Of Interest
Check Out
Names of the Week
Quote of the Week
"Talent is cheaper than table salt. What separates the talented individual from the successful one is a lot of hard work."  More

Danny Meaning


Quick Facts







No. Of Syllables:


No. Of Letters:


Origin & Meaning

The name Danny is of Hebrew origin.

The meaning of Danny is "G-d is my judge".  


In the U.S. in 2014, it ranked 429 in baby name popularity for boys with 704 occurrences.  It ranked 13316 in popular baby names for girls with 7 occurrences. 

View the Danny Name Popularity Page to see how the popularity trend for Danny has changed since 1880, or to compare the popularity of Danny to other names.


What will your new little Danny be like?

It may all be in the numbers.

The numbers that make up your child's name.

Children named Danny are often adventurous and imperturbable but most of all they are  read more >>

Related Names

Danny is a diminutive (nickname) of Daniel.

Variants of the name Danny include Dannie.

Other Tidbits

Danny falls into the song name category.

Some famous bearers of this name include: Danny Thomas.

Name Fun

Would you like to fingerspell the name Danny in American Sign Language?

Then just follow the diagram below.

Be creative with the name Danny.

Just for fun, see the name Danny in Hieroglyphics, learn about ancient Egyptian Hieroglyphics and write a Hieroglyphic message.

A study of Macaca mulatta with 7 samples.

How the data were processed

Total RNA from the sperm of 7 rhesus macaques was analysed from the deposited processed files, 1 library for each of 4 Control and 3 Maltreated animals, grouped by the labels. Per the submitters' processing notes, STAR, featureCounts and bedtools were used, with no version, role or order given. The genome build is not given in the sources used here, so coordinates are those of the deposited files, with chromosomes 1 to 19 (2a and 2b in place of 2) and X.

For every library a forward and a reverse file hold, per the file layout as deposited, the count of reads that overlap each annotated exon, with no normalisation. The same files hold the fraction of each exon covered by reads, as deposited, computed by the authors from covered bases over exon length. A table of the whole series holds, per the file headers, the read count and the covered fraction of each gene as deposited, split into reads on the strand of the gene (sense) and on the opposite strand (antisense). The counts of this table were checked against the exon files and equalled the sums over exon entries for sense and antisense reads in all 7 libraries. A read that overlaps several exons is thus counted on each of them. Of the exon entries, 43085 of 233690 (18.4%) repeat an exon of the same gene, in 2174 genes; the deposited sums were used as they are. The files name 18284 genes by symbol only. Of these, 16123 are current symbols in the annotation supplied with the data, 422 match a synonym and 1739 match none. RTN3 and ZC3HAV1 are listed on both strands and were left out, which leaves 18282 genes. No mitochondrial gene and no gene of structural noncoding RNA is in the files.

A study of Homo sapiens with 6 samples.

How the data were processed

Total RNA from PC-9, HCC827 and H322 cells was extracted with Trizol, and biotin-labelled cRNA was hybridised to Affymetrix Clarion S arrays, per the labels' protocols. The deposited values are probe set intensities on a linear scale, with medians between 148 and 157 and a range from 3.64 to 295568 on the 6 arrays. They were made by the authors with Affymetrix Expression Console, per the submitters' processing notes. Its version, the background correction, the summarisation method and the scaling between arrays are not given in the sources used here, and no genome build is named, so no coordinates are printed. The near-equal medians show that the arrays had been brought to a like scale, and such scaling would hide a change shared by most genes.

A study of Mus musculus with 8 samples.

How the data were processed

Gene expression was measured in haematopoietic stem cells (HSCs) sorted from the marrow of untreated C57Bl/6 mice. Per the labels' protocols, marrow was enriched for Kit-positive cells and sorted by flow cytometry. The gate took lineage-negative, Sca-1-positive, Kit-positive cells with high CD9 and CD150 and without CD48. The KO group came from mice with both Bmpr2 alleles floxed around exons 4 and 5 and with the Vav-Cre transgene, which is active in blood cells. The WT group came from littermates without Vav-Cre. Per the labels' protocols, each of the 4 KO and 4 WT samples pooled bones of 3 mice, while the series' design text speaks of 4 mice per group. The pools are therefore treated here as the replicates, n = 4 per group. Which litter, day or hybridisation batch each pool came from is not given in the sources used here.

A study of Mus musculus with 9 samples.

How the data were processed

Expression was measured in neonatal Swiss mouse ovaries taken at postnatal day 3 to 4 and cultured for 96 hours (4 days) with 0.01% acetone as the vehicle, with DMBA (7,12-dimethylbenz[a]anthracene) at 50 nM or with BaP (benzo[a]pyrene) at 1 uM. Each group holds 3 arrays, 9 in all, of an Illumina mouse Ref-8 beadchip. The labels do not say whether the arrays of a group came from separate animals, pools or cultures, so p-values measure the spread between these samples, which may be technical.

Learn about nautical flags and see your name or message written in nautical flags, on the Danny in Nautical Flags page.

Names Like This

Hebrew names have their origins in either the Old Testament or modern Hebrew vocabulary.

Local language versions of biblical names of Hebrew origin such as Hannah and David are still widely internationally popular today.

Modern Hebrew names are often derived from Hebrew vocabulary, for example Aviva (spring) and Dov (bear).

Children of Jewish heritage are usually given a Hebrew name for religious purposes and are sometimes also given a local language version of that name for secular purposes.

By custom, Ashkenazi Jews (Jews of German or Eastern European descent) name their children after deceased relatives. This is in order to honor the deceased relative, keep their name and memory alive, and to form a bond between the soul of the baby and the deceased relative so that they can live on within the newer generation.

Sephardic Jews (Jews of Spain, Portugal and the Middle East) in contrast, name their children after living relatives or deceased relatives. The father's parents names are generally used first and then the mother's parents names.

Neither Ashkenazi or Sephardic Jews will name a baby after one of the parents.

After a child is born, the father is given an aliyah (religious honor to bless the reading of the Torah). After this a blessing is said for the health of the mother and child. If the baby is a girl, she is named at this time. If the baby is a boy, he will be named during his brit milah (ritual circumcision) generally eight days after birth.